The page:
President Trump Will Be Reelected in November

In this presidential election year, President Trump faces many challenges, including civil unrest, massive unemployment, and questions about his handling of the COVID-19 pandemic. But if I were a betting man, my money would be on President Trump to win reelection in November.

Despite many polls showing Biden as the favorite, my money would be on Trump for one main reason: he’s the incumbent, and incumbents almost always win.

Another big factor in the president’s favor is that nobody really wants Biden to be president. Trump has strong supporters, but also strong detractors. The only reason some people favor Biden is that they don’t want Trump to be reelected. The election will come down to those who support Trump versus those who oppose him. Nobody supports Biden because they think he would be a good president; they favor Biden because they oppose Trump.

This works in Trump’s favor because the election result will be determined by turnout. Voters will not change their minds about who they favor between now and November. The turnout factor favors Trump because his supporters will turn out, whereas those who favor Biden aren’t enthusiastic about him, and are more likely to stay home. So there you have it: two big factors that favor Trump.

There are factors that go the other way. One is the degree to which states push mail-in ballots over showing up at the polls. President Trump has said he’s concerned about the increased likelihood for fraud with mail-in ballots, and while there is something to that argument, the bigger factor in November’s election is that mail-in ballots make it easier to vote, which will increase turnout among those who want to vote against Trump. A voter who dislikes Trump but is not that excited about Biden will be more likely to mail in a ballot than to take the effort to show up to vote in person.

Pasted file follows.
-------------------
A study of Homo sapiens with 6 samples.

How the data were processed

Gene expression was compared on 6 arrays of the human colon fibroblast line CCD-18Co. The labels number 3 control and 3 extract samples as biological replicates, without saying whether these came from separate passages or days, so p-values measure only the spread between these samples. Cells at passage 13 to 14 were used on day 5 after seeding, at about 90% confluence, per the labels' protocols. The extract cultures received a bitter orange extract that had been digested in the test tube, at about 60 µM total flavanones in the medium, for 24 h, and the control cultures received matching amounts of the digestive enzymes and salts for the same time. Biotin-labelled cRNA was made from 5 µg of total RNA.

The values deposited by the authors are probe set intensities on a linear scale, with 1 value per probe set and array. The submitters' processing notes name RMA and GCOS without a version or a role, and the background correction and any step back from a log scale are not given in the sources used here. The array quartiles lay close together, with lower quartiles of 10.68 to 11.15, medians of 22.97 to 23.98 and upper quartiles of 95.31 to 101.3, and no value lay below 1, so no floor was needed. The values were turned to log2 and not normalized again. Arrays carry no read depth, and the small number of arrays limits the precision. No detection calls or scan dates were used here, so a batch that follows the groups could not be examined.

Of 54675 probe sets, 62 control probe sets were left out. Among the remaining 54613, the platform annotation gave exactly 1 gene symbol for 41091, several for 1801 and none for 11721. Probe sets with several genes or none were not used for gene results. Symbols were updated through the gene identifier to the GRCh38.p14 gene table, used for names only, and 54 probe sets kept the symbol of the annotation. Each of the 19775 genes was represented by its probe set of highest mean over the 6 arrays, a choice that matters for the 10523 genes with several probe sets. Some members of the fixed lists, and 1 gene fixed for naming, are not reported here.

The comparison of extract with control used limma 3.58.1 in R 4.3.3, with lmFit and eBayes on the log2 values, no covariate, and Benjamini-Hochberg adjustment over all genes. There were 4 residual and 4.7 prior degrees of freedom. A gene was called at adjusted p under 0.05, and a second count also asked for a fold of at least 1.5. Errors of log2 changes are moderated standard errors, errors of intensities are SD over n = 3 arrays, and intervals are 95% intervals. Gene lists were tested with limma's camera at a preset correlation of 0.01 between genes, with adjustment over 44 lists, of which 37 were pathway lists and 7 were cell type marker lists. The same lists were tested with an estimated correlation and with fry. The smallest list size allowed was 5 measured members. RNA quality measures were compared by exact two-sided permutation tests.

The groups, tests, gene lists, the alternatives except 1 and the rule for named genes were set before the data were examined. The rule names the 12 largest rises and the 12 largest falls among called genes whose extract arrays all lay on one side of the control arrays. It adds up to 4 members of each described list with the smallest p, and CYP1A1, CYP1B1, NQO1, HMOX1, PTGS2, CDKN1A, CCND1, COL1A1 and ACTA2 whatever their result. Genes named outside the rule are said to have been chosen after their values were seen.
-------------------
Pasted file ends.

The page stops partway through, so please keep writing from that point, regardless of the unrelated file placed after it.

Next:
Two other factors that work against the president: one is that incumbents typically do worse when the economy is weak, and due to government programs to slow COVID-19, the economy is in considerable disarray. Another is President Trump’s policy response to COVID-19, which many view as insufficiently draconian. My guess is that this second factor will fade and maybe even turn in the president’s favor by November. It does appear at this time that states with the most restrictive policies are faring no better against the virus than those that are least restrictive.

Everything beyond that first paragraph is a second order effect in my view. Trump’s big advantage is that he is the incumbent.

Randall G. Holcombe is a Senior Fellow at the Independent Institute, the DeVoe Moore Professor of Economics at Florida State University, and author of the Independent Institute book Liberty in Peril: Democracy and Power in American History.